Dry-aged steak has superior flavor and texture, but it's expensive. Is it possible to dry-age steaks at home?
In commercial dry-aging, butchers hold large primal cuts of beef (typically the rib or short loin sections) for up to 30 days in humid refrigerators ranging between 32 and 40 degrees. (The humidity is necessary to prevent the meat’s exterior from drying out too much.) As moisture evaporates, the fat becomes more concentrated, increasing meaty flavor. The dehydration process also triggers the breakdown of muscle proteins, resulting in a dense, more tender texture. At the same time, the breakdown of muscle encourages the formation of amino acids and peptides, which impart a meatier, smokier taste.
To try replicating these results at home on a smaller scale, we bought rib-eye and strip steaks (each $10.99 per pound) and stored them in the back of the refrigerator, where the temperature is coldest. Since home refrigerators are less humid than the commercial units used for dry-aging, we wrapped the steaks in cheesecloth to allow air to pass through while also preventing excessive dehydration and checked them after four days (the longest length of time we felt comfortable storing raw beef in a home fridge).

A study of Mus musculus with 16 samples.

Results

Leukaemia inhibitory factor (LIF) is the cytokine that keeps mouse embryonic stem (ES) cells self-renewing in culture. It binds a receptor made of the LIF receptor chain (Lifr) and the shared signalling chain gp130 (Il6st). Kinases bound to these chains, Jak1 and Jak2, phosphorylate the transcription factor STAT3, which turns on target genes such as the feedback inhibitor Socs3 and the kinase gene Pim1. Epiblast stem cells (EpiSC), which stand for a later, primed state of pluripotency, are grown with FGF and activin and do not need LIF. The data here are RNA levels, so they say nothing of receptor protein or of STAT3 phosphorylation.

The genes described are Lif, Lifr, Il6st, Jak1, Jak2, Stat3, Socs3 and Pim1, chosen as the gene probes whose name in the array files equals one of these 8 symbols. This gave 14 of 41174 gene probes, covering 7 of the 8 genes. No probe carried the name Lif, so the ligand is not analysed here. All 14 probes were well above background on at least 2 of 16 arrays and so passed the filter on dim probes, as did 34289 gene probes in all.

Their edges looked appropriately dried out, so we pan-seared the home-aged steaks and tasted them alongside a batch of the same commercially dry-aged cuts costing $19.99 per pound. Our findings? Sure enough, four days of dry-aging in a home fridge gave the steaks a comparably smoky flavor and dense, tender texture. As long as you remember to wrap the meat in plenty of cheesecloth, place it on a wire rack for air circulation, and store it in the coldest part of the fridge, you can skip shelling out extra money for commercially aged cow.